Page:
A Dark Song

A Dark Song, from writer-director Liam Gavin, is a movie that exists. It’s about a supposedly guilt-ridden woman who recently lost her son attempting some ancient ritual that will allow her to speak with him once more. Also, the guy she pays to help her. I have no clue if any of this is true or how it pans out, because this 90-minute movie is no hurry to get to the fuckin’ point.

Honestly. If the movie had opened with the death of her son, I may have been inclined to stick around a bit longer.

A Dark Song is yet-another non-starter of a movie. The page-ten moment is simply the main character finally revealing why we’ve bothered wasting some ten minutes watching her buy a house in the middle of nowhere and annoying a chubby ginger man at a glacial pace. There is no inciting incident. No forward momentum, character building, drama, or tension. It’s just this ungodly slow-burn mystery of whether or not any of this shit is worth it to anyone.

And I don’t just mean that as a snarky remark on the nothingness that is this movie. The movie itself is actually about the physical and psychological toll this long, drawn-out ritual takes on the people performing it.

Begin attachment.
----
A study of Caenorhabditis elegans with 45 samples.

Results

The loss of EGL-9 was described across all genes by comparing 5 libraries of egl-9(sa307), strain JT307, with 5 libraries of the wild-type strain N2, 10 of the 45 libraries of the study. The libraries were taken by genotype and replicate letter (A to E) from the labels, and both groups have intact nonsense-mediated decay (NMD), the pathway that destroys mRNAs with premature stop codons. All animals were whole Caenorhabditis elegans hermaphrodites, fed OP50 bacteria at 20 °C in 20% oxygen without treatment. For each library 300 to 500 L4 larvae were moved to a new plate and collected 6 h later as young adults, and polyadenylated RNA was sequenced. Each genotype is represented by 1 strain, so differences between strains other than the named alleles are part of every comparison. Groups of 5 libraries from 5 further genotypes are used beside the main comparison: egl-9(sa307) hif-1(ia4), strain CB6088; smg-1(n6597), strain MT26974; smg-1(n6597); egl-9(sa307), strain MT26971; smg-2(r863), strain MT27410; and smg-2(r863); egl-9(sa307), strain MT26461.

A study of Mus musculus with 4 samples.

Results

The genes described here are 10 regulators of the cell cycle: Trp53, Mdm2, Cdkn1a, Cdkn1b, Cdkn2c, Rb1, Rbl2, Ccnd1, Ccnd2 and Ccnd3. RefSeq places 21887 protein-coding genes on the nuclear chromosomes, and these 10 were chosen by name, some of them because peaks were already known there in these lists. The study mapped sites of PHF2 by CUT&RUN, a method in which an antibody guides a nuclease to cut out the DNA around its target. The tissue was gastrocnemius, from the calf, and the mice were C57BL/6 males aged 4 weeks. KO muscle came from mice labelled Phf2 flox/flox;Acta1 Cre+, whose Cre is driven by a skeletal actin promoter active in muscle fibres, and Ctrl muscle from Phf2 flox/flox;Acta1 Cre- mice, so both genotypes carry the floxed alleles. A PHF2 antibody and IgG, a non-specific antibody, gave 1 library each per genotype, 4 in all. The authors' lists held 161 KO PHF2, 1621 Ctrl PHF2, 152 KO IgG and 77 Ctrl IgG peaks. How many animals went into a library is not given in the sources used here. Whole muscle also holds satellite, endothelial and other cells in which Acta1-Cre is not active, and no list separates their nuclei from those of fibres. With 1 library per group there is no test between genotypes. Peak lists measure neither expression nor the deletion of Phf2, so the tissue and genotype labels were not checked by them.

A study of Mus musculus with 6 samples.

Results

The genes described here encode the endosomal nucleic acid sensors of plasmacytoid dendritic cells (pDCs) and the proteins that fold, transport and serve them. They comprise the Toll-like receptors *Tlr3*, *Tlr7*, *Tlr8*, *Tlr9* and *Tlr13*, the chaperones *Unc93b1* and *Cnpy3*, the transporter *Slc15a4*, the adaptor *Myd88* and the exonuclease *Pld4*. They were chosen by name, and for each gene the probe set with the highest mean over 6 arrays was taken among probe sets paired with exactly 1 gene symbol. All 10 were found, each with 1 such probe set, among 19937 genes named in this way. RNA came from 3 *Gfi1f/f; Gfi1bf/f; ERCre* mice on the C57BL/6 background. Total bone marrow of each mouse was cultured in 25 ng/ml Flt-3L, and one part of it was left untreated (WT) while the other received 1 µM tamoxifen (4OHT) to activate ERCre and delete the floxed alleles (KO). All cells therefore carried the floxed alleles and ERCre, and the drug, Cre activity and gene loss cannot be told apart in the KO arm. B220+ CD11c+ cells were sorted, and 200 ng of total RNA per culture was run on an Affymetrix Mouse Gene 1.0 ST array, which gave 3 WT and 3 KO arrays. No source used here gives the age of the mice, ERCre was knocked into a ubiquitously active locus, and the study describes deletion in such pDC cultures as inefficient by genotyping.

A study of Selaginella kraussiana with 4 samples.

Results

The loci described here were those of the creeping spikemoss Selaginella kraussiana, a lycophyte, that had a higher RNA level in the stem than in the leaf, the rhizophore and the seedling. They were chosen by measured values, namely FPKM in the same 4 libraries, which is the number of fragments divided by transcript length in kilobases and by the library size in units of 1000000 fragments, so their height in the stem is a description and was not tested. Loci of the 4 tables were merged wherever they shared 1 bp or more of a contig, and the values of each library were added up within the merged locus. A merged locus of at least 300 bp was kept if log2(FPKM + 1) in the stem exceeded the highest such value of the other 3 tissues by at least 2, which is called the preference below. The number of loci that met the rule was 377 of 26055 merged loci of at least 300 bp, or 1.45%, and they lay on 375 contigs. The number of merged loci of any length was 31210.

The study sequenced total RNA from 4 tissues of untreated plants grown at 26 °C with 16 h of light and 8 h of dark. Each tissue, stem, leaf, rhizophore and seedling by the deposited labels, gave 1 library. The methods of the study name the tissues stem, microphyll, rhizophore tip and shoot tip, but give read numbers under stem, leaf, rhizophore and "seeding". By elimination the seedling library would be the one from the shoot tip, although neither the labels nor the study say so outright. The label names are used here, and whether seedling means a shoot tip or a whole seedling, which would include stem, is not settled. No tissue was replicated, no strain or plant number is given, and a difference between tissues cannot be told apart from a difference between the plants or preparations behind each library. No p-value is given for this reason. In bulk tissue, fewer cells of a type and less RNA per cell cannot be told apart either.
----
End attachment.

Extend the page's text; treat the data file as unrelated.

But it’s also less about the characters who are suffering and more about the suffering itself. Because this isn’t us watching a woman moving heaven and earth to speak with her son. It’s about the mystery of the ritual even being a real thing. It’s about a woman and her partner in crime suffering slowly and boringly for 90 minutes while we wonder where this is all going.

And that could work, in theory. A two-person, single-location film about the lengths someone will go to have their prayers answered can be absolutely compelling. There’s so much material to be mined there from the right cast with the right director with the right vision for the right material.

Unfortunately, A Dark Song really has is a very, very good idea. Gavin frames and drags out everything in the most boring way possible. The acting is as flat and lifeless as the lighting and color. And the material is way too thin for even an 80-minute movie.

And I can tell a lot of this was done on purpose. I can tell the intent was to create a sense of mood and atmosphere befitting of two broken and deeply depressed lost souls at their most vulnerable. To create some mystery and allure. But all this really does is make the movie come across as both boring and bored of itself.

I’d love to see this story handled by more capable hands. But I wouldn’t spend another minute of my time with this version.